The City is More Than Human
photos courtesy Seattle Municipal Archives and Rainier Valley Historical Society

Chapter 3:
The Rise and Decline of Urban Equine Workers


Because of the nature of horses' work, they had a surer foothold in the city than cows had. Horses could not be eliminated from the city, since it was their labor, and not a product they produced, that humans valued. Even as trucks became a viable option, the economic power of horse owners meant that horses' removal from the city happened largely on the owners' terms, not through direct legislative action. These owners were typically wealthy. While cow ownership was a strategy of both working-class and middle-class Seattleites, it was generally merchants and other wealthy citizens who purchased powerful and elegant horses. And although workers vigorously protested the loss of the cow commons, there was never much of a debate in the corridors of power about cows' ultimate fate. With horses, however, urban elites were more divided. They were a presence on city streets long after cows stopped grazing the urban commons.

(A story from Chapter Three). In 1910, the King County Humane Society and Seattle merchants organized a workhorse parade for the Fourth of July, taking inspiration from similar parades in New York, Boston, Philadelphia, San Francisco, and elsewhere. The purpose, the Humane Society said, was to "promote public interest in the humane treatment and care of our work horses." More than 1,100 horses paraded up Second Avenue that Independence Day, about one-ninth of the city's equine population, hitched to their work wagons, "decked with flowers and beribboned with streamers and bunting," and "proudly stepping to music" of four marching bands. The fine carriage and saddle horses of city elites were absent, as were farmers' horses and the least impressive horses of poorer businesses and peddlers. Still, that day's parade showed the diversity of work that horses did and the many ways humans viewed these creatures: as the profitable tools of specific industries, as symbols of urban pride, and as living beings worthy of humane treatment.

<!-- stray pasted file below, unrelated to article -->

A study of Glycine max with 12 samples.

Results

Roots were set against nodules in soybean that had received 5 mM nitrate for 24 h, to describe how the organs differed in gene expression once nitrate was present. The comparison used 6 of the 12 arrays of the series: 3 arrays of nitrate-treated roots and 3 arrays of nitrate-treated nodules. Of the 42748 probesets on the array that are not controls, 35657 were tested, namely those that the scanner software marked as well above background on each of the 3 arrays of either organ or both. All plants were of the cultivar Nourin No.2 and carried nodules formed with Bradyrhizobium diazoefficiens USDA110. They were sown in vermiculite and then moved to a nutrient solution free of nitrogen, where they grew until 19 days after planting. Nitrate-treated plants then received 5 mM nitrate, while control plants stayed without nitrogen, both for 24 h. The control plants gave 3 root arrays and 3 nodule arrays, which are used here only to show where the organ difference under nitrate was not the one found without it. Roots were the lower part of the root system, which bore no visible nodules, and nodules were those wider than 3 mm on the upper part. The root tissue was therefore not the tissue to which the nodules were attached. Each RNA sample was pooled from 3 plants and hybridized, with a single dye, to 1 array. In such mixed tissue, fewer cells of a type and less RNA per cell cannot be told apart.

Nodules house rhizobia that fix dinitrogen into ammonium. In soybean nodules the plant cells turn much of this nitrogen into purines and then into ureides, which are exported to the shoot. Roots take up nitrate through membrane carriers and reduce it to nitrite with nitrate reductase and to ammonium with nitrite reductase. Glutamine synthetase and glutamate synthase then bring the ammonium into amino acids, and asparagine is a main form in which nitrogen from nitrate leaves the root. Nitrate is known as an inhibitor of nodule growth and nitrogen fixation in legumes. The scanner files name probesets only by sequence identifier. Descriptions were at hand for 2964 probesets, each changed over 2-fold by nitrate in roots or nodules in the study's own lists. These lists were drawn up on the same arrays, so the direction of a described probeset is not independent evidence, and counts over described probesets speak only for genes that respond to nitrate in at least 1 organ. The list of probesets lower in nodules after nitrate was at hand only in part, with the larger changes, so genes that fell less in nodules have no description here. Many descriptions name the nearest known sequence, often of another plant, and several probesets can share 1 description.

The city's oldest horses came first in the parade, including thirty-three-year-old Bay John of the fire department and thirty-two-year-old Jake of the Pacific Meat Company. Then came horses from the street, water, and light departments; then from bakers and brewers; coal dealers and commission merchants; contractors; department stores, draymen, and dyers and cleaners; express and transfer companies; furniture dealers and grocers; hardware merchants and hay and grain dealers; ice companies, laundries, lumber merchants, meat markets, and mineral water suppliers, followed by local businesses' mules. Next the horses of plumbers and of sand and gravel dealers; wholesale meat packers and wines and liquor dealers; and finally those of a miscellaneous class of businesses. As an essential engine of the city's economic life, horses ensured the delivery of goods and services for all those businesses.